Posted on 6/30/13 11:17 PM
The Batman mythos had been chiseled and woven for nearly one-hundred years. Every author, artist and auteur who has had the pleasure of working on the Caped Crusader has also indelibly changed the lore of Batman in one way or another. With that being said, there have been several ultimate truths, certain unshakable verisimilitudes if you will that are un-alterable; Batman doesn't use guns/kill, Batman knows no fear, Batman can not be bought, Batman can never be psychologically broken. It is this last trait that has forever cemented by lifelong Batman fanboy-dom. Countless heroes swear an oath against capital punishment. Even more heroes hold the moniker of being fearless. I can count on my left finger the number of heroes that have never forsaken their ideology at least once.
"The Dark Knight Rises" does a beautiful job in constructing a Batman movie without utilizing Batman. What's worse, the few scenes in which we're treated to him we're having to suffer through watching him blunder his way into Bane's lair only by making double-secret swear-I-won't-tell-if-you-swear-you-won't-tell promises with a person he barely has a first-name to match with a set of rubber cat-ears.
This isn't "The Dark Knight" where Batman is trying desperately to piece together an entirely new set of rules arbitrarily being patched together by a sociopath; this is the newly and quite disappointingly recluse Batman that has completely blunted every single bat-a-rang edge that to watch him go toe-to-toe with Bane in the second act is like watching a child fight a...well, fight Bane I guess.
That's the second violation of the Batman mythos that David Goyer and the Nolan brothers failed to account for; every Batman villain fears Batman. What does the big baddie Bane fear in this installment? A 5'2" CEO. Granted, a 5'2" assassin CEO, but not the man with the savvy and where-with-all to take down several sadists like they were your regular perp.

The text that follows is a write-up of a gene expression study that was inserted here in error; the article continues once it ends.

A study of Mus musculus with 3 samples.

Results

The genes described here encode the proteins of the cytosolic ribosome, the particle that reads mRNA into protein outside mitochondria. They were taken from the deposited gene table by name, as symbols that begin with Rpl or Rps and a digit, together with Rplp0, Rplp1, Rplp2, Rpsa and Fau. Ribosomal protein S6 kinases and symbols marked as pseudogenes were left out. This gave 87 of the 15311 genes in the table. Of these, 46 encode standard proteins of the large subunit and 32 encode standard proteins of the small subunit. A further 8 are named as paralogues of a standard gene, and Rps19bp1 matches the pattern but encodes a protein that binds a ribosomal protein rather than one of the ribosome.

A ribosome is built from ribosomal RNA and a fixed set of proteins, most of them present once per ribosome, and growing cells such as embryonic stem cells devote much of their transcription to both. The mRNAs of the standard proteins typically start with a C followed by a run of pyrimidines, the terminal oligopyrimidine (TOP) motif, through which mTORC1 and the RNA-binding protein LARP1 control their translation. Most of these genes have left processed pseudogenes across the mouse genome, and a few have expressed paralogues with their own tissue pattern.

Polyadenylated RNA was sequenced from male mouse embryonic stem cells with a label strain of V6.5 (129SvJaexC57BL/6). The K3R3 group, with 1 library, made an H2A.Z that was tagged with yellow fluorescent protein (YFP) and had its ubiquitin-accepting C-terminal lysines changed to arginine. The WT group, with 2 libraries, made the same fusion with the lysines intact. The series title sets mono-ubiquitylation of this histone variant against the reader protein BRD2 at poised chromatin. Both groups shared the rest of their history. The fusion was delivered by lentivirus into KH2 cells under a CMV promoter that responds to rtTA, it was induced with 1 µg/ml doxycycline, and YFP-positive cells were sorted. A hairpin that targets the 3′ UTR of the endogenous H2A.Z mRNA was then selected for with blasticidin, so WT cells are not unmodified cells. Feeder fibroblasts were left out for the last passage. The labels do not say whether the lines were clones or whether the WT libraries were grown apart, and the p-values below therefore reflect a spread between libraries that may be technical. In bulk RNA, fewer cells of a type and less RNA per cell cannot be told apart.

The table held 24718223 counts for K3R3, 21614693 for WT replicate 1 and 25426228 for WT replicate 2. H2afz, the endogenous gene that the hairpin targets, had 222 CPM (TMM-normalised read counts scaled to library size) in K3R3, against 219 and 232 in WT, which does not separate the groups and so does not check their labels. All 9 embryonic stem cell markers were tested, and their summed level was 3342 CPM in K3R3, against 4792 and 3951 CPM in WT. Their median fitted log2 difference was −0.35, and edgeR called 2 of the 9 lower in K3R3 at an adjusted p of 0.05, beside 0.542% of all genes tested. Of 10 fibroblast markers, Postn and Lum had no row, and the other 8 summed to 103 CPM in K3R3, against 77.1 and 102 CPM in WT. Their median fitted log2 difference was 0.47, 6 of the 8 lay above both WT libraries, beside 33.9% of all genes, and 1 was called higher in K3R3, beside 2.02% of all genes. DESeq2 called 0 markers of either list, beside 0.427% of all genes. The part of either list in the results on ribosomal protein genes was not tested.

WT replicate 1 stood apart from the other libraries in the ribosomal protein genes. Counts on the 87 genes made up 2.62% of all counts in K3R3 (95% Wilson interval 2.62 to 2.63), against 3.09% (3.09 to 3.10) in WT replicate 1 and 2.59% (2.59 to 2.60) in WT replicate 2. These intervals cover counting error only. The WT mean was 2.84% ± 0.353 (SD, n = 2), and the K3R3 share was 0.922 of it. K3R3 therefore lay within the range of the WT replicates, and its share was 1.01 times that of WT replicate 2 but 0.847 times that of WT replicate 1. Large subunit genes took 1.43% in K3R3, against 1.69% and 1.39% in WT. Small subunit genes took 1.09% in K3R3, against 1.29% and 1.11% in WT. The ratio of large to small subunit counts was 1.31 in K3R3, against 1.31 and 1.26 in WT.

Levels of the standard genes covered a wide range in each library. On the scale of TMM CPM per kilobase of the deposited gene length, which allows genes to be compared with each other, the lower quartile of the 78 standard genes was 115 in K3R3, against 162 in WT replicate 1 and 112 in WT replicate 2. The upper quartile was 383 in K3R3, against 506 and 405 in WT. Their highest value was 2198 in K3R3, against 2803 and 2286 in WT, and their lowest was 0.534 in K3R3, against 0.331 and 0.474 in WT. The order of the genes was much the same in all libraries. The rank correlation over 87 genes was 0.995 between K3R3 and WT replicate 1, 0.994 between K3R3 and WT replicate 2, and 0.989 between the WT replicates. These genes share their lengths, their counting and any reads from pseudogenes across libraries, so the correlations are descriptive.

Bane had every characteristic you'd normally want in a lead villain: strong, menacing, spites authority and easily walks the fine line between sane and full-blown bats&%!. The problem with Bane the villain is that as the series culminates into an ad hoc Braveheart-style street battle and the entire fate of Gotham is resting on the push of a button, the stoic herald known as Bane is really just a pawn, a pawn to a truly disappointing and lackluster character that added nothing to the series except a tie-in that really only pleases the Batman faithful.
Anne Hathaway fit instantly into the Gotham landscape, Joseph Gordon-Levitt added another fresh face to the series and the return of Michael Caine, Gary Oldman, Morgan Freeman and Cillian Murphy added such positive weight to a film/series that already had so much going for it that it made it hard to find room for the Dark Knight himself. Sure the story was culturally relevant, sure it kept the tone of the first two films while advancing the genre, and sure at the end of the day Christopher Nolan didn't compromise art for general blockbuster tropes; but would it really have been too much to ask to have had more Batman in a movie titled "The dark Knight Rises?"